South Texas College of Law Houston
Bergin, Kathleen

Constitutional Law Outline
Fall 2005
Professor Kathleen Bergin

A) History, Theory, Sources and Control
1) Judicial Review – The Supreme Court has the obligation to declare federal statutes invalid if they contradict the Constitution.
2) Final Arbiter of the Law – the Supreme Court is to have judicial power extending to all cases arising under this Constitution (thus the Supreme Court can interpret the constitution).
3) Supremacy Clause (Art VI, §1(1)) – The laws of the US (made pursuant to the Constitution), the Constitution and federal Treaties are the Supreme Law of the Land.
4) Review of State Court Decisions – The US Supreme Court may (via writ of certiorari) hear appeals for the highest state court on questions of federal law (including Constitutional review).
a. Supreme Court review extends to “all cases arising under” the Constitution – implying all state laws are subject to Constitutional review.
b. This is necessary to maintain judicial consistency throughout the nation.
5) Necessary and Proper – This clause gives Congress the right to create laws necessary and proper for the accomplishment of enumerated Constitutional obligations of any branch (under ART. I §8).
6) Horizontal power struggle – fight for power between branches of the federal government amongst themselves.
7) Vertical Power Struggle – fight for power between branches of government spanning state and federal government (IE federal review of state law).
8) Representation Reinforcement (accountability) – people get a say in their government via voting and this serves as a check on politicians.
9) Methods of Constitutional Interpretation
a. Textual – look to the exact text of the Constitution for answers (strict interpretation).
b. Functional – If the US is to work, this is how things have to be. Esp. the Constitution furthers federalism and checks and balances.
c. Structural Argument – draw meaning from where a Constitutional provision is found (IE a clause in a section granting power is probably a grant of power).
d. Voter Reinforcement – the constitution should always be interpreted to allow voter reinforcement.
e. Natural Law – Is there an overriding legal compact ruling over unstated Constitutional questions? IE If a law isn’t covered under the Constitution, then it is ruled by the natural law established by the founders. Or is this just too subjective (to any given person’s ideas of natural law)?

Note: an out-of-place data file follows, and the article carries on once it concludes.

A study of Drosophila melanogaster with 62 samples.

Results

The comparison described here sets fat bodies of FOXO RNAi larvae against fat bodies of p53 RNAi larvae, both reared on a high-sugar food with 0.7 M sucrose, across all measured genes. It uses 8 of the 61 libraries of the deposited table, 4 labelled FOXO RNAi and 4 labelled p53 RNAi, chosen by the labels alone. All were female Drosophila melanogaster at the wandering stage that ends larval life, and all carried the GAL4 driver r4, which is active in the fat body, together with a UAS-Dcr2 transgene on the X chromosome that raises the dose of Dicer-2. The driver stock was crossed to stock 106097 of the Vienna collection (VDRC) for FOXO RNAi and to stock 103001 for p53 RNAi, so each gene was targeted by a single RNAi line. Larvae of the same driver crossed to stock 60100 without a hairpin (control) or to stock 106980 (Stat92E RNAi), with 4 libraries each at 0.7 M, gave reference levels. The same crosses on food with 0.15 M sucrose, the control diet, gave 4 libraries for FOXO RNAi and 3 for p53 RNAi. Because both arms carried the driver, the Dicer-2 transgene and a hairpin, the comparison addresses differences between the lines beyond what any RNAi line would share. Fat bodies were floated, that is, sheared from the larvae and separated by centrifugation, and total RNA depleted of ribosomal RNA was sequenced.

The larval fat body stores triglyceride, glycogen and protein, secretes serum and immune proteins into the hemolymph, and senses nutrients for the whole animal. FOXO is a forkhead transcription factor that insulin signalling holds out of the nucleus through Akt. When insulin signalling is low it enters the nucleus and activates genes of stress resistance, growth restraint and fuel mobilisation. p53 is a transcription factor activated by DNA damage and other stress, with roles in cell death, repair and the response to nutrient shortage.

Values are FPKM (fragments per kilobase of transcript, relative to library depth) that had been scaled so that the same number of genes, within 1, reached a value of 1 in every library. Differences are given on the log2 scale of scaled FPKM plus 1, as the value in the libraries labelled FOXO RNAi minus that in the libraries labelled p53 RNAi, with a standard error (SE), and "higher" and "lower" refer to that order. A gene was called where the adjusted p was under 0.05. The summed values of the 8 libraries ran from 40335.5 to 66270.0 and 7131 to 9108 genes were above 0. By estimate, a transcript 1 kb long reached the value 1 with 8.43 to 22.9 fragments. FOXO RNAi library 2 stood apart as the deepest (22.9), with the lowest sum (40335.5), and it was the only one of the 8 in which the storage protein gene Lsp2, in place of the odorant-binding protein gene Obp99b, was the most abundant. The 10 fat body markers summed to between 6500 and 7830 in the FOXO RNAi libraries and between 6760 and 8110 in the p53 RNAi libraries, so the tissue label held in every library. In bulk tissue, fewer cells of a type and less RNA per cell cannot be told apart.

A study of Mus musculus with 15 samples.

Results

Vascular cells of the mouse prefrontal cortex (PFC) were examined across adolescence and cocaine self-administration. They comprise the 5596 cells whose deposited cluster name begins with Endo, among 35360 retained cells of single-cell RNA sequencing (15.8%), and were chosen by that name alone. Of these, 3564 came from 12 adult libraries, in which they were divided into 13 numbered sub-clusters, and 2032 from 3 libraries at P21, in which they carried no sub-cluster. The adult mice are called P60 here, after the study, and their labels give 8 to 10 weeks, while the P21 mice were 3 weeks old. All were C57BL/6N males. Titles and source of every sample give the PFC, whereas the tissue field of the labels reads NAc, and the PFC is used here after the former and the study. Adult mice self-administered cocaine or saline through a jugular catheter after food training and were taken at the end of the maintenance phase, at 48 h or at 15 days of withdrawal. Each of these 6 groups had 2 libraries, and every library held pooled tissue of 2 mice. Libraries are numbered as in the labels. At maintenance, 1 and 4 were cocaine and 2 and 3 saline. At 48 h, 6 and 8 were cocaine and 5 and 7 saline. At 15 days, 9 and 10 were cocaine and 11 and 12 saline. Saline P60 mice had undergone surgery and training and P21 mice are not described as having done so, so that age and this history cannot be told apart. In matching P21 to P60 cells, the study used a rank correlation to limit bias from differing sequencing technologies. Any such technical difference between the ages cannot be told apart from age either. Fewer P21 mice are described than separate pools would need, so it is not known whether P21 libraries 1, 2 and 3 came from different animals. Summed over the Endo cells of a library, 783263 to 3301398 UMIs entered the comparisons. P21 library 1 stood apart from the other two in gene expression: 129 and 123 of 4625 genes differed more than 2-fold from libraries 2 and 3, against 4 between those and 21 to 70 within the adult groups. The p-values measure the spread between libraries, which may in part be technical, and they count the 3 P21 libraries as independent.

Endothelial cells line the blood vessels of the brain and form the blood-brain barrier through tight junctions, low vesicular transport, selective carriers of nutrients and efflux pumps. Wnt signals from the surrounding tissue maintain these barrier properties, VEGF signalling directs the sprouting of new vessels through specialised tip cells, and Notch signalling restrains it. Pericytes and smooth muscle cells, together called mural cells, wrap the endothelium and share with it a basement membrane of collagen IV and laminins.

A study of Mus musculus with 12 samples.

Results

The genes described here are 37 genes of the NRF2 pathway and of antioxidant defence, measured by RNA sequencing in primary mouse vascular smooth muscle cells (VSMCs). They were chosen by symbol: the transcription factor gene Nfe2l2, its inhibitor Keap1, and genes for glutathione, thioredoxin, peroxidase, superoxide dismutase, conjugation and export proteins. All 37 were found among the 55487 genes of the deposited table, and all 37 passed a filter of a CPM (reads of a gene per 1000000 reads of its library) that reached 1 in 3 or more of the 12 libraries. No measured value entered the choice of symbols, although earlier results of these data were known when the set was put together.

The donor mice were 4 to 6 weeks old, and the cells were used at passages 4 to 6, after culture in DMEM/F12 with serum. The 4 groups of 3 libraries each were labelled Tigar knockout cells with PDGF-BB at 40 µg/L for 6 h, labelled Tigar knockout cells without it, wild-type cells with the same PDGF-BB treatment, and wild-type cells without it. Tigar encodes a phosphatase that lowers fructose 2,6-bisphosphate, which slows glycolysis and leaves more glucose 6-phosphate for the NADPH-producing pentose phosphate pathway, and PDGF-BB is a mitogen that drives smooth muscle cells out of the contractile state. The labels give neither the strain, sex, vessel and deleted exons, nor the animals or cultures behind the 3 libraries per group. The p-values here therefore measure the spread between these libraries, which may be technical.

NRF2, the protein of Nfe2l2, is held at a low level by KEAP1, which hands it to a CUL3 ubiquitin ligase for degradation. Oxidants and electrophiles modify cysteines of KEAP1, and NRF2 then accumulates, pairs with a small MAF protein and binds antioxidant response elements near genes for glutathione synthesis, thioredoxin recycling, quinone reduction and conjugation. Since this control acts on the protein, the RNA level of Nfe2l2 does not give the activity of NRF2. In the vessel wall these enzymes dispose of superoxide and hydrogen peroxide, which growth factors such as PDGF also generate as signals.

f. Living Document – Interpretation of the Constitution as a living body should allow the Constitution to “flex” as need be. The constitution is a set of guidelines, not a codified set of laws.
g. International Law – the court may take into consideration international law in determining constitutional meaning.
10) Federalism – A system of co-existing federal and state governments with powers reserved to both.
a. Enumerated powers

6) Declaratory Judgments – Valid judicial decision regarding legal ramifications of specific conduct of parties after the law has passed.
C) Standing (3 Parts)
1) Specific Injury (concrete invasion and particularized injury) – The complaint must show a specific injury (actual or imminent) to the π, not to an injury to a class of people as a whole. (IE no standing if all blacks are hurt.)
a. You can’t simply allege that the government isn’t obeying the law.
b. Generally a taxpayer can’t allege injury due to improper use of funds.
2) Direct Causation – The alleged harm must be directly traceable to the actions of the Δ (if the relief is granted, the injury must necessarily be fixed)
a. 3rd Party Causation Problem – if the causal chain between injury and cause goes through a 3rd party, then even if the relief is given, the question remains if the harm will be necessarily redressed.
3) Redressability – The court has to be able to give the requested relief (within judicial abilities). No mere speculation of redressability.
Q: What level of improvement need be present for redressability to present (IE complete/partial/teeny-weenie improvement).